Ben Stahl (artist)
Benjamin Albert Stahl (September 7, 1910 – October 19, 1987) was an American artist, illustrator and author. He showed precocious talent, winning a scholarship to the Art Institute of Chicago at age twelve. His artwork appeared in the International Watercolor Show at the Art Institute when he was sixteen. He later taught at the Art Institute, as well as at the American Academy of Art, the Art Students League of New York, Brooklyn's Pratt Institute and at various universities.
Stahl won many prizes, including the Saltus Gold Medal of the National Academy of Design. His work appeared in Women's Home Companion, Cosmopolitan, American Artist, North Light, Esquire, the Chicago Tribune Magazine, Picture Post, Southwest Art and in some 750 stories in The Saturday Evening Post. He was featured in the 1976 television series Journey into Art with Ben Stahl, 26 half-hour programs consisting of lectures and painting demonstrations by the artist. Stahl was one of the founding faculty for the Famous Artists School. In 1986, he guest-starred on Season 7 of The Joy of Painting.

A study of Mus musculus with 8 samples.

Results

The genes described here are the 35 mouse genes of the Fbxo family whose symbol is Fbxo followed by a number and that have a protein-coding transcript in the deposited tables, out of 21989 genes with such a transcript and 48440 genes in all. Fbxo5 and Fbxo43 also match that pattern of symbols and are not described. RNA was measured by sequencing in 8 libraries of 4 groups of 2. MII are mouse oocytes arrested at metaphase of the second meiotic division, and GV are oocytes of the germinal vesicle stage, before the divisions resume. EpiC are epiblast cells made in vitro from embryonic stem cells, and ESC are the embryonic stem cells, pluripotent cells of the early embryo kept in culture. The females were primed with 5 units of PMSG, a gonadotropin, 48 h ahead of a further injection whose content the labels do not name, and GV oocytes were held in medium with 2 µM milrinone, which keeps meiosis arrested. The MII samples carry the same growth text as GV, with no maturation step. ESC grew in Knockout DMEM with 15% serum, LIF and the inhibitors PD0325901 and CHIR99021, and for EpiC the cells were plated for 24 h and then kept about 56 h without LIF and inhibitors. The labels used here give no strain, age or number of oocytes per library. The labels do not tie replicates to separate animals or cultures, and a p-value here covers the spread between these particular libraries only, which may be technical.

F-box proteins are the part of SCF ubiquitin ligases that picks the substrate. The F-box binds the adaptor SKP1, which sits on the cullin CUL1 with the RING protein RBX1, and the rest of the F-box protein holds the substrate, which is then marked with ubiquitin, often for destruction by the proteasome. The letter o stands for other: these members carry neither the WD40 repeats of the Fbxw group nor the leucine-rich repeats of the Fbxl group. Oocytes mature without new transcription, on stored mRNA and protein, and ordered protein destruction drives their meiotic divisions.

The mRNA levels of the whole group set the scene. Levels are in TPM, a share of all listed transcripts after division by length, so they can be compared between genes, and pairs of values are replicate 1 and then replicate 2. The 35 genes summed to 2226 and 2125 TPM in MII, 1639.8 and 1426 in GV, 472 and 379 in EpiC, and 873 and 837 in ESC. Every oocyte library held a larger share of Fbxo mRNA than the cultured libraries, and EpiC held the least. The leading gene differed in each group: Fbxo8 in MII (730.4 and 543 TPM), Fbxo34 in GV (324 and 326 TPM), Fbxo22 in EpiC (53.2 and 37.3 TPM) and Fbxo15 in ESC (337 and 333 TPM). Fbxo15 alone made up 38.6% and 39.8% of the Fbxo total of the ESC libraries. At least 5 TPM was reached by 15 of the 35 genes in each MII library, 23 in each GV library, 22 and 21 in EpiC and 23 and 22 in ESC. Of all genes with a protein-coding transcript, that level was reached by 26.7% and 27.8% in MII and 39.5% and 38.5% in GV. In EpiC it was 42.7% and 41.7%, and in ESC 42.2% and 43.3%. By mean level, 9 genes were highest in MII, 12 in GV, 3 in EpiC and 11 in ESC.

Stahl also produced advertising artwork for various companies, and posters for several movies, including Ben-Hur. He illustrated a number of books, including The Innkeeper's Wife by A.J. Cronin, a limited edition of Madame Bovary, and the 25th anniversary edition of Gone with the Wind. Stahl wrote two novels: Blackbeard's Ghost was published in 1965 by Houghton Mifflin, and made into a movie by The Walt Disney Company in 1968; The Secret of Red Skull, a sequel to Blackbeard's Ghost, was also published by Houghton Mifflin, with illustrations by Stahl's eldest son, Ben F. Stahl.
Ben Stahl also served as an official U.S. Air Force artist and as an officer in the U.S. Air Force Reserve.
- About Ben Stahl — retrieved July 30, 2006
- Ben Stahl at the Wayback Machine (archived September 7, 2006) — retrieved July 1, 2008
- The History Of The Museum Of The Cross — URL retrieved January 19, 2007
- Rosenblum, Ira (October 24, 1987). "Ben Stahl, Illustrator, is Dead; a Founder of Artists School". New York Times.